By Mark Sutton
Spam continues to flood inboxes at record levels
Symantec's monthly spam report for the month of April 2008 shows that while spam may have reached its 30th birthday at the start of May, there's no sign of volumes of unwanted mail slowing down.
Overall, spam caught at the gateway made up 80% of all mail in April, just one percent below March's record high, and with volumes peaking at 87% through out the month. Biggest culprit for sending spam was the EMEA region, which accounted for 44% of spam mail, followed by North America which generated 27% and Asia Pacific which accounted for 18%.
Product related and online-based spam is still the most prolific type of spam, although financial spam has also increased.
Among the latest tricks and traps set by spammers in April was yet another abuse of Google. Recent months have seen spam attacks that targeted Google's advanced search query and its AdSense service, this time it's the turn of Google's AdWords.
The phishing email was sent out telling end-users that their subscription to the AdWords service, which allows advertisers to target adverts at Google search users, was about to expire, and asking them to clink a link to re-subscribe. The link of course leads to a fraudulent website that then attempts to get the user to register personal data.
Social networking also came in for some abuse during April. One spam email invited users to join a fictional ‘Who's who' network of business professionals, although of course, the site it linked to was harvesting personal data.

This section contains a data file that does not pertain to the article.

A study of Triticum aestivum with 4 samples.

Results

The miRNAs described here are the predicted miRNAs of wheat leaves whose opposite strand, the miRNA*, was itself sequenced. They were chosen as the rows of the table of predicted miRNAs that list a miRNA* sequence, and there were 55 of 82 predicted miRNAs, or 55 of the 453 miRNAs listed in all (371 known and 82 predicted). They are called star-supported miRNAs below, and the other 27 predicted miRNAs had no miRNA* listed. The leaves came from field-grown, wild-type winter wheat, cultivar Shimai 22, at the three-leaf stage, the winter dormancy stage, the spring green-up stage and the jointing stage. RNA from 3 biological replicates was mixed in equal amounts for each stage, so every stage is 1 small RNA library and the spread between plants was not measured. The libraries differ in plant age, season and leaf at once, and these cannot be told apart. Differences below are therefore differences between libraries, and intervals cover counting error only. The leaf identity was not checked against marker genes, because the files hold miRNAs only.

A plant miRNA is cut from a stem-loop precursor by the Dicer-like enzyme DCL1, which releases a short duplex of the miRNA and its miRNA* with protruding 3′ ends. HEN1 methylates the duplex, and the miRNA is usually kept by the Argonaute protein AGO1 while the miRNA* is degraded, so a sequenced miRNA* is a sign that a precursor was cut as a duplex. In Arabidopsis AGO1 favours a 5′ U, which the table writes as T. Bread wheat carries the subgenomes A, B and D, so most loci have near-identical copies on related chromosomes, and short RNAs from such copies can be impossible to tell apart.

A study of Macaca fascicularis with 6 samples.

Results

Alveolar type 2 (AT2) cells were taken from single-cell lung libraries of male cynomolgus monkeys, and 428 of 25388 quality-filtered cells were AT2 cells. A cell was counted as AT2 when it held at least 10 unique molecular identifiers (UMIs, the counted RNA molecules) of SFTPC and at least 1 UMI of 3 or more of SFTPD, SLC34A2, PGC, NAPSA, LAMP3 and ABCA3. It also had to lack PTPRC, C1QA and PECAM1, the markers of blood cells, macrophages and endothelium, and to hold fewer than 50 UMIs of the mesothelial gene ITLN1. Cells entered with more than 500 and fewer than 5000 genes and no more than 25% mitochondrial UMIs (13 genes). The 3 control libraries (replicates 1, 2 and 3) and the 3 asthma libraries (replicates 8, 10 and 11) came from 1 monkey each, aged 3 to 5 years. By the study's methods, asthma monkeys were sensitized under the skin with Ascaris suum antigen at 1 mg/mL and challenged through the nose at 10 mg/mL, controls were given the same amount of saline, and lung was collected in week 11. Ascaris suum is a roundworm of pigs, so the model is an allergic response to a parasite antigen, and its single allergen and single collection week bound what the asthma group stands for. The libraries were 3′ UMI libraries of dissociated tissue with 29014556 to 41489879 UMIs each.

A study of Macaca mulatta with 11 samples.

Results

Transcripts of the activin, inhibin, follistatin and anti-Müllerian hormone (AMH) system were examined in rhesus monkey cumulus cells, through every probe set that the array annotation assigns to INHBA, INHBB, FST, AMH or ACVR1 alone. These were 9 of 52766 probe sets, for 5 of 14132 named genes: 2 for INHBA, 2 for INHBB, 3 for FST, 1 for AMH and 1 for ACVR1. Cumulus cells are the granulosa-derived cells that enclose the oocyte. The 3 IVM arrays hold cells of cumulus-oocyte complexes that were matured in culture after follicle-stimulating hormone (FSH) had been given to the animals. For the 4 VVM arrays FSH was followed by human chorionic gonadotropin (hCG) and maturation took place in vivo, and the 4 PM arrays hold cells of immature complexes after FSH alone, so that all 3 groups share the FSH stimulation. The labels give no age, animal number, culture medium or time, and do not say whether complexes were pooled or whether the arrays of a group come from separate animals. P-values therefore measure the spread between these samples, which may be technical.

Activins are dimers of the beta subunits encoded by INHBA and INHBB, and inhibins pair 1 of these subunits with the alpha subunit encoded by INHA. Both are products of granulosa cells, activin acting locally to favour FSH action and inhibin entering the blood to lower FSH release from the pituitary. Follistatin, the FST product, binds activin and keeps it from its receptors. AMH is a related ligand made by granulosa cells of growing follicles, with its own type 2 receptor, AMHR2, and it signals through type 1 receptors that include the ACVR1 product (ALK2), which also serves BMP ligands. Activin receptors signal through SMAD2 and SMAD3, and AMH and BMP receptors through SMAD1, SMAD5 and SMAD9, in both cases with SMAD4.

Another attack that attempted to exploit the popularity of social networking type sites, consisted of an email that tells the user they have been removed or blocked from the contact list of one of their acquaintances on an instant messaging application. Eager to find out who has decided that they don't want to be friends any more, the user is asked to click a link, and then provide their user name and password, to be abused by spammers at a later date.
Spear phishing - attacks which target specific individuals or organizations - also developed yet another angle, this time in the form of an email that claimed to be a court summons for the United States District Court, for the recipient to appear before a Grand Jury. Unsuspecting users who clicked on the link to download the full fake subpoena, found themselves installing a Trojan keystroke logger instead.
Finally, in a spam attack that seems to show just how far spammers will go to try and capture personal data, spam emails appeared disguised as adverts seeking movie extras for cash - although why any one would want the personal details of broke wannabe actors is a mystery.